Power and the Presidency, From Kennedy to Obama

For the past 50 years, the commander in chief has steadily expanded presidential power, particularly in foreign policy

John F. Kennedy, right, with his brother Robert, during the Cuban missile crisis in 1962. (AP Photo)

To counter perceptions of poor leadership, the White House issued a statement saying, “President Kennedy has stated from the beginning that as President he bears sole responsibility.” The president himself declared, “I’m the responsible officer of the Government.” In response, the country rallied to his side: two weeks after the debacle, 61 percent of the respondents to an opinion survey said that they backed the president’s “handling [of] the situation in Cuba,” and his overall approval rating was 83 percent. Kennedy joked, “The worse I do, the more popular I get.”

Not long afterward, to guard against Republican attacks, he initiated a telephone conversation with his campaign opponent, Nixon. “It really is true that foreign affairs is the only important issue for a President to handle, isn’t it?” he asked rhetorically. “I mean, who gives a s--- if the minimum wage is $1.15 or $1.25, in comparison to something like this?” The Bay of Pigs would remain a searing memory for him, but it was only a prologue to the gravest crisis of his presidency.

Soviet Premier Nikita Khrushchev’s decision to place medium- and intermediate-range ballistic missiles in Cuba in September 1962 threatened to eliminate America’s strategic nuclear advantage over the Soviet Union and presented a psychological, if not an actual military, threat to the United States. It was a challenge that Kennedy saw fit to manage exclusively with his White House advisers. The Executive Committee of the National Security Council—ExComm, as it became known—included not a single member of Congress or the judiciary, only Kennedy’s national security officials and his brother, Attorney General Robert Kennedy, and his vice president, Lyndon Johnson. Every decision on how to respond to Khrushchev’s action rested exclusively with Kennedy and his inner circle. On October 16, 1962—while his administration was gathering intelligence on the new threat, but before making it public—he betrayed a hint of his isolation by reciting, during a speech to journalists at the State Department, a version of a rhyme by a bullfighter named Domingo Ortega:

Bullfight critics row on row
Crowd the enormous plaza de toros
But only one is there who knows
And he’s the one who fights the bull.

While ExComm deliberated, concerns about domestic and international opinion were never far from Kennedy’s thinking. He knew that if he responded ineffectually, domestic opponents would attack him for setting back the nation’s security, and allies abroad would doubt his resolve to meet Soviet threats to their safety. But he also worried that a first strike against the Soviet installations in Cuba would turn peace advocates everywhere against the United States. Kennedy told former Secretary of State Dean Acheson a U.S. bombing raid would be seen as “Pearl Harbor in reverse.”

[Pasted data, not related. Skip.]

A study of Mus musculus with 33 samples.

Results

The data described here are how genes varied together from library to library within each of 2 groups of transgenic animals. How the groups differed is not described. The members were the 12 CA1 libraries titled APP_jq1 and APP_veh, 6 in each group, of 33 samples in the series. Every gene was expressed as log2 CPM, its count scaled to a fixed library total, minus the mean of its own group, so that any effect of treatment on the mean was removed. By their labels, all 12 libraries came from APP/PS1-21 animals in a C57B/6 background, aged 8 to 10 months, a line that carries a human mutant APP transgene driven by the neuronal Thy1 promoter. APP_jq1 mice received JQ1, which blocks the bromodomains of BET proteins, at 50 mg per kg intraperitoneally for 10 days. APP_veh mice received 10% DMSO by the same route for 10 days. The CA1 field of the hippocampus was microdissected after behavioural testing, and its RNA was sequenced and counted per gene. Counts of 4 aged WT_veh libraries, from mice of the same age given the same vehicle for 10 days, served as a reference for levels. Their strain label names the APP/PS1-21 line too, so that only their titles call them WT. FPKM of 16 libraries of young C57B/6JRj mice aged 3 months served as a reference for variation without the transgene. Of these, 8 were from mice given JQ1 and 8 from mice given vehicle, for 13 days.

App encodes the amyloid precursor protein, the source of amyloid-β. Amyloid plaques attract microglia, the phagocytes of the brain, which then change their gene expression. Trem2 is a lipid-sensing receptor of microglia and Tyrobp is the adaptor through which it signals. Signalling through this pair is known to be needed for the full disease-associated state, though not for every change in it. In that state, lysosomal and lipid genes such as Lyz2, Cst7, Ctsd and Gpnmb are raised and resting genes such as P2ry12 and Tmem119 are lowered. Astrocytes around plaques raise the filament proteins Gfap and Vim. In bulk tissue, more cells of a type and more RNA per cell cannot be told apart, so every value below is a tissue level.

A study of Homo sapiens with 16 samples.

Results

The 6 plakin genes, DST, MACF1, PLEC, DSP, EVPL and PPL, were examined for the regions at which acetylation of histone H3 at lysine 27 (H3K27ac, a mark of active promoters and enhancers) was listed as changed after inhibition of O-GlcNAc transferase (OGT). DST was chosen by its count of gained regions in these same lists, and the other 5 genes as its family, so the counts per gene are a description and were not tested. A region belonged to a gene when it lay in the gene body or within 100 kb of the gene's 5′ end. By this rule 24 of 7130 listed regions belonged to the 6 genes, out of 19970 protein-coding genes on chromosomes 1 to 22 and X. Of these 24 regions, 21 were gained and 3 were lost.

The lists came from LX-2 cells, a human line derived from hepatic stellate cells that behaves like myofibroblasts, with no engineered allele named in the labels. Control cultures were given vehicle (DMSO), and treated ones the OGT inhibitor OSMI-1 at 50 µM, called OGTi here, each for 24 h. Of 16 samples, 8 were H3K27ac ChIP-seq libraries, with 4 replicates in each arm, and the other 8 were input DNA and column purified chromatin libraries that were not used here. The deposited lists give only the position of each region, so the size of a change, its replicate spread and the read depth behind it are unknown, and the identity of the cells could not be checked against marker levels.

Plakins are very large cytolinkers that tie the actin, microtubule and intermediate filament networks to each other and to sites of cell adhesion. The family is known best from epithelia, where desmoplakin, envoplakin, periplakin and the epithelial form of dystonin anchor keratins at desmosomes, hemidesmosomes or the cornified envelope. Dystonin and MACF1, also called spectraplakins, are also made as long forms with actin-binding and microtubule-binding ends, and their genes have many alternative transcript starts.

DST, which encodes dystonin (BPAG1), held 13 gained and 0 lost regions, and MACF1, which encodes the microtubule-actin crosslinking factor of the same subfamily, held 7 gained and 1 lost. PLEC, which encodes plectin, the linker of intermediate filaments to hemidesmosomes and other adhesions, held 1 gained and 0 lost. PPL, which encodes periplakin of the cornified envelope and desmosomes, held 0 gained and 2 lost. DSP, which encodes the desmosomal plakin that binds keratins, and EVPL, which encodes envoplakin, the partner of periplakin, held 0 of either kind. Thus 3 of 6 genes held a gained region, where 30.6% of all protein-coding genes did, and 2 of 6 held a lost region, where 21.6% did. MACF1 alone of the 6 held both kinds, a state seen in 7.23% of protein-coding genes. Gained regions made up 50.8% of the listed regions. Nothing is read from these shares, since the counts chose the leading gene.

To avoid being seen as an aggressor, Kennedy initiated a marine “quarantine” of Cuba, in which U.S. ships would intercept vessels suspected of delivering weapons. (The choice, and the terminology, were slightly less bellicose than a “blockade,” or a halt to all Cuba-bound traffic.) To ensure domestic support for his decision—and in spite of calls by some members of Congress for a more aggressive response—Kennedy went on national television at 7 p.m. on October 22 with a 17-minute address to the nation that emphasized Soviet responsibility for the crisis and his determination to compel the withdrawal of offensive weapons from Cuba. His intent was to build a consensus not merely for the quarantine but also for any potential military conflict with the Soviet Union.

That potential, however, went unfulfilled: after 13 days in which the two sides might have come to nuclear blows, the Soviets agreed to remove their missiles from Cuba in exchange for a guarantee that the United States would respect the island’s sovereignty (and, secretly, remove U.S. missiles from Italy and Turkey). This peaceful resolution strengthened both Kennedy’s and the public’s affinity for unilateral executive control of foreign policy. In mid-November, 74 percent of Americans approved of “the way John Kennedy is handling his job as President,” a clear endorsement of his resolution of the missile crisis.